The groundbreaking amendment to the Child Welfare Act that the Japanese Diet passed today opens up the possibility of a future in which all children in Japan can live with families. Credit goes to Health, Labor and Welfare Minister Yasuhisa Shiozaki for his leadership.

Beds in sleeping quarters for elementary school girls at a child care institution in Iwate prefecture. Eight girls share a room, and the space on their own bed is the only place children are allowed some privacy. Even such privacy is guaranteed only by a simple curtain surrounding each bed, August 2012

© 2012 Sayo Saruta/Human Rights Watch

It was especially exciting for me to see the Diet do the right thing. I spent months interviewing children in institutions for Human Rights Watch’s 2014 report “Without Dreams: Children in Alternative Child Care in Japan,” which included recommendations for reform. It broke my heart to see the difficult conditions children were living in, without the nurturing and supportive environment that being part of a family provides.

This amendment fundamentally improves Japan’s alternative care system, which has previously placed nearly 90 percent of approximately 39,000 children whose families cannot care for them in institutions where they have faced abuses and neglect. With these changes in law, the government should take swift and thorough action to ensure that they are ready to fully implement these important reforms when the amendments take effect on April 1, 2017.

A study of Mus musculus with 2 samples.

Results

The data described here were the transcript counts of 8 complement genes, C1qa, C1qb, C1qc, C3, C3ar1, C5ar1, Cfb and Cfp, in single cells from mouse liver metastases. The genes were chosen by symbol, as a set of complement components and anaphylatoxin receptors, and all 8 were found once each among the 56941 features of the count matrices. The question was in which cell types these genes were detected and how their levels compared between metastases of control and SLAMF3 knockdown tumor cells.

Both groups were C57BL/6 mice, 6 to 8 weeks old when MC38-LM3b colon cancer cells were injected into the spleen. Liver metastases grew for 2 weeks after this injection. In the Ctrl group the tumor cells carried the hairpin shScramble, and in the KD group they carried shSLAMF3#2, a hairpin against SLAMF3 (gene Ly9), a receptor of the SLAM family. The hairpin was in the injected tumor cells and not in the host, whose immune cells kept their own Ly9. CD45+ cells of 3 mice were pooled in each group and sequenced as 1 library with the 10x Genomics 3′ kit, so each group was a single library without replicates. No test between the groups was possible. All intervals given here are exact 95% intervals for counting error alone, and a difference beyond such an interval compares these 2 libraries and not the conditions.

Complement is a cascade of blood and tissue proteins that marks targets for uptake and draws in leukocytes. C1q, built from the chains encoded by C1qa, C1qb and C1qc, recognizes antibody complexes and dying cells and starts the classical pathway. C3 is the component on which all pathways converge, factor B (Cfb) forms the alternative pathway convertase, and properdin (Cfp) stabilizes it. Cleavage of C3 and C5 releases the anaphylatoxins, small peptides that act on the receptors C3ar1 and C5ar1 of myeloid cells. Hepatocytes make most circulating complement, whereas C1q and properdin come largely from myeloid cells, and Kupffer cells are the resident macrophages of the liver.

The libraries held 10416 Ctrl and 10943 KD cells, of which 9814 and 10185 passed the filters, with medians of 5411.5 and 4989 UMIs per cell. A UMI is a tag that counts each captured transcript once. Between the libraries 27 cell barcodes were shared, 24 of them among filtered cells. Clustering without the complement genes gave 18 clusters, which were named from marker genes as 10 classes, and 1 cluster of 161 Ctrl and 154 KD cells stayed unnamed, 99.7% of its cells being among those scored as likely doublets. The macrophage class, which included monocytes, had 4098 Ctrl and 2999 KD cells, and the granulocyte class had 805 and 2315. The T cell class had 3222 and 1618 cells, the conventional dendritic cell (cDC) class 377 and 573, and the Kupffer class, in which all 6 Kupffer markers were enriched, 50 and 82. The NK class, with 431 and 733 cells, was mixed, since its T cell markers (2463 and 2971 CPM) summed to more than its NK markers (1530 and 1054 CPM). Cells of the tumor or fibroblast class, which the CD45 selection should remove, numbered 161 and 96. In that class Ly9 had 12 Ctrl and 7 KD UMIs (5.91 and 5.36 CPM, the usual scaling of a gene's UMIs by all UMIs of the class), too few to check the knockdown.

The revised Child Welfare Act shifts the focus from propping up institutional care to supporting alternative care in a family. The new article 3.2 of the act prescribes the principle of family-based care, guaranteeing children that they can live in a family setting, whether by adoption or foster care. Institutionalization is limited only to cases in which family-based care is “not appropriate,” and in those few cases requires placement in institutions best able to provide family-like settings. Although adoption has rarely been considered an option in the past, all this will change with the law’s improved definition of adoption which will help promote its use as an important alternative for children.

Bureaucratic decisions that prioritized various adult matters over the best interests of the child helped create over-institutionalization in Japan. The question now is whether Japan will reverse this trend and make it the top priority to protect the best interests of the child. Major steps will be needed to increase the foster care ratio, resist bureaucratic imperatives to construct new institutional care facilities, and to formulate concrete criteria to promote family-based care and adoption instead of focusing on transferring children to quality residential care.

In the more than 20 years since Japan ratified the Convention on the Rights of the Child, which provides for a child’s basic right to grow in an atmosphere of “happiness, love and understanding” and in a “family environment,” the alternative care system has frustrated those who care for the welfare of all children. To avoid past mistakes, the new law should be carried out in accordance with the United Nations Guidelines for the Alternative Care of Children. That will ensure that Japan never goes back to the past, in which too many children without families suffered in silence.